Conservative Policies Don’t Match Conservative Values

What's conservative about using the central government to bully states?

Conservatism at its core is a noble ideology. There’s something meaningful about holding onto traditional values and institutions. At the core of conservative political philosophy is a devotion to individual rights, minimal government interference, and stability that comes with tradition – all great goals.

Conservative scholar Russell Kirk wrote an article for the Heritage Foundation on the ten core values of conservatism. All ten are important, but modern conservative policy consistently fails to uphold them. Libertarianism is a more robust ideology to protect Kirk’s keynote values.

Dear Prudence

One of the ten values is prudence – specifically legislative prudence. He writes “Any public measure ought to be judged by its probable long-run consequences, not merely by temporary advantage or popularity.” Most rational people would agree that this is the right mindset, but far too many conservative policies run contrary to it.

Consider petty drug policy. Conservatives hoped the long-run consequences would be a drug-free America with increased safety and social harmony. This was not, however, the most probable long-run consequence – just the most idealistic. The most probable consequence of harsh drug law is the degeneration of society, not increased security.

Although this was not the intention of conservative policies, it was the outcome.

History shows us that prohibition doesn’t work. Beer and wine consumption rates dropped significantly during alcohol Prohibition as more dangerous, potent alcohols saw an increased consumption rate. Today, nonviolent drug offenders are being taken from their homes and their families to serve jail time for victimless crimes. Inner cities have suffered greatly from worsening public perception and losing working members of their community under these laws. Although this was not the intention of conservative policies, it was the outcome.

This hypocrisy extends far beyond drug policy. Military intervention in the Middle East breeds anti-American sentiment and actively arms terrorists. Security measures such as TSA screenings and the PATRIOT Act don’t make us meaningfully safer, they just pick taxpayer pockets. Immigration laws harm businesses and prevent individuals from coming to a country where they will work and pay taxes.

Kirk writes, “sudden and slashing reforms are as perilous as sudden and slashing surgery.” How can conservatives hold up the mirror of prudence to executive drone strikes, Muslim-majority country travel bans, and hasty Obamacare repeals with anything but disappointment?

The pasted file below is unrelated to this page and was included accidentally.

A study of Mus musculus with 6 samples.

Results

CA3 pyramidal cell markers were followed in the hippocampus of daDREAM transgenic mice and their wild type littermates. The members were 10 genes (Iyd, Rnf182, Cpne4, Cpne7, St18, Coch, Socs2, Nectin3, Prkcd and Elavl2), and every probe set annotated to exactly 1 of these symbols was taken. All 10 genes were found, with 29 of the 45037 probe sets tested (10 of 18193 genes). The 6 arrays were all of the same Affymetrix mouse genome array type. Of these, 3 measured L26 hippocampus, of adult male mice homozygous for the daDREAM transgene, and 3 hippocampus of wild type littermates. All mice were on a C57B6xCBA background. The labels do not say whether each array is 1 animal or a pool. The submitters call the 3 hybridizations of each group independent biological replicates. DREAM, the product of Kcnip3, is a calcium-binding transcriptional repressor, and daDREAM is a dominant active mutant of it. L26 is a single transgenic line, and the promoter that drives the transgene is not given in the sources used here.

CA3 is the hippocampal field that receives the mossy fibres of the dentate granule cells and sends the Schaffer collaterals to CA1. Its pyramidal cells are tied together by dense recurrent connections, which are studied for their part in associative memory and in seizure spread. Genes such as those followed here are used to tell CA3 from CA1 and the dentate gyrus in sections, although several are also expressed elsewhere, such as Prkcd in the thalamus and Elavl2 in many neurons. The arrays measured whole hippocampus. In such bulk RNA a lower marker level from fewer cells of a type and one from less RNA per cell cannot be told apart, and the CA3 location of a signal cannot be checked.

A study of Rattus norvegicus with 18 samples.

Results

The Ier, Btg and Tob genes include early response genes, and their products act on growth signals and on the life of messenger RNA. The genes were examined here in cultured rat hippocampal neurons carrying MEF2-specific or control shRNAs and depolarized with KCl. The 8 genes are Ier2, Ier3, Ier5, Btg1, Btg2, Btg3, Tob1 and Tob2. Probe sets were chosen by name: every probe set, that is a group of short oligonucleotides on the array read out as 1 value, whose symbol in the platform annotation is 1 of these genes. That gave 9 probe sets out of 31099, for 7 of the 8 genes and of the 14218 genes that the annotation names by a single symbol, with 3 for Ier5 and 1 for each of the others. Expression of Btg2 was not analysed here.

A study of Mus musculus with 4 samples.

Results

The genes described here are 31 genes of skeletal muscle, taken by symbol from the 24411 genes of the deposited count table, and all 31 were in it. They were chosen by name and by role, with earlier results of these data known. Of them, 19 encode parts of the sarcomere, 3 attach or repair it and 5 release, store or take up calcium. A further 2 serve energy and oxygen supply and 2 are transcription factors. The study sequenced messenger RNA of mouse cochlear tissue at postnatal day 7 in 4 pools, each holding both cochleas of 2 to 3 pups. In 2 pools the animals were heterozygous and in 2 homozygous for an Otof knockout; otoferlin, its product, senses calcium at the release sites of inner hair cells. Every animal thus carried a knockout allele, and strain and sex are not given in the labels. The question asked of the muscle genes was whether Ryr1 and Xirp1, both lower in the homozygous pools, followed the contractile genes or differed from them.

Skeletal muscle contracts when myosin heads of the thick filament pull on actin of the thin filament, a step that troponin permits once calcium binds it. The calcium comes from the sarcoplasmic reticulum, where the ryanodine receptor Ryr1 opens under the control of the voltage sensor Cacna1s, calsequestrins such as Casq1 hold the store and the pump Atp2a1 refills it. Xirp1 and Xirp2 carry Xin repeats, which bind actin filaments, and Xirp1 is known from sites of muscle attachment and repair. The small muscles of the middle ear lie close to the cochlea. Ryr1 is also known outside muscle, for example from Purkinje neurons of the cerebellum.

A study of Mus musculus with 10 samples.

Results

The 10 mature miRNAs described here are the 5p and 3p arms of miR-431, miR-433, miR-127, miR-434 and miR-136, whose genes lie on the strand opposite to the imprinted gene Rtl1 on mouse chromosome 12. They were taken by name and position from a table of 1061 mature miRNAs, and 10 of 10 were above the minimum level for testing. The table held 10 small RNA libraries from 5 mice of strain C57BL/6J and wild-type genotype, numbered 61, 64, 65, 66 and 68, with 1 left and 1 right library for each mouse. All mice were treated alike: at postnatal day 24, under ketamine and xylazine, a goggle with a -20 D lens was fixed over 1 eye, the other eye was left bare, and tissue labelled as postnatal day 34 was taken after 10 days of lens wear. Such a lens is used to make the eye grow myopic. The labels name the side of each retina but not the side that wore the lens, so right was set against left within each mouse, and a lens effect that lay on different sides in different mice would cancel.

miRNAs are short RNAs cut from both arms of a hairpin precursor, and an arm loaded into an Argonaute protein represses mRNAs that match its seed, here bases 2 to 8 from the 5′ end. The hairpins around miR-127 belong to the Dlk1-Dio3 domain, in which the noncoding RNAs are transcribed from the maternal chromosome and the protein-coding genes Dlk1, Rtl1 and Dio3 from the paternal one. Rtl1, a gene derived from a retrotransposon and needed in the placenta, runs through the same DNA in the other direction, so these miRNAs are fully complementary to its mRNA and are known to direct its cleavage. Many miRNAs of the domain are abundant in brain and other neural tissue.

Property and Ownership

Seventh on Kirk’s list is the idea that freedom and property are closely linked. Economically, conservatives champion this value well enough. They believe in free market solutions and individual choice. The problem with conservative views on property comes from their definition of the word itself.

It’s important that we uphold the ownership of ourselves, not just our worldly possessions.

A conservative might believe that their phone is their property, in addition to their gun, and their house. Libertarians instead prefer the original meaning of property, which is more like ownership or right of possession. A libertarian would argue they have property in their phone, gun, and house.

A libertarian would also argue that they have ownership of their body. This means that no other person or government entity has a right to tell them what they can and cannot do with their body so long as doing so doesn’t infringe on the rights of others. Just as the government can’t tell you not to plant potatoes in your garden, it should not be able to tell you not to drink alcohol, smoke plant matter, or love someone of the same sex.

Property and freedom are intertwined, but it’s important that we uphold the ownership of ourselves, not just our worldly possessions.

The Will of the People

Eighth on Kirk’s list is the idea of voluntary community. He writes, “A central administration … however well-intentioned, cannot confer justice and prosperity and tranquility.” He also remarks that the most important community decisions must be made locally. I wonder how conservatives reconcile this with federal US Immigration and Customs Enforcement officers forcing compliance from local police departments that don’t want to deport people.

Conservative policy has deviated from conservative values and now threatens the very freedoms it would protect.

Sanctuary cities are under the gun in conservative states. The federal government is forcing these municipalities to comply with regulations that the people of the city disagree with. Additionally, conservatives that fight against states that have legalized marijuana are trying to use a central administration to deliberately disobey the will of the people. Pundits and politicians in DC do not know better than people living in these areas. To suggest otherwise is to disregard federalism.

Many of the values that conservatives want to uphold are worthwhile. Almost every American can agree that prudence, property, and voluntary community are key aspects of our nation’s identity. Unfortunately, conservative policy has deviated from conservative values and now threatens the very freedoms it would protect. Libertarianism, on the other hand, holds true to the Founders’ – and many of Russell Kirk’s – values. People that are keen on protecting those values should be proud to call themselves libertarians.

  • Dylan Moore is an undergraduate studying business economics and public policy at Indiana University. He has been published in the Foundation for Economic Education, RealClear Health, the Federalist, and others. Follow him on Twitter @d_v_moore.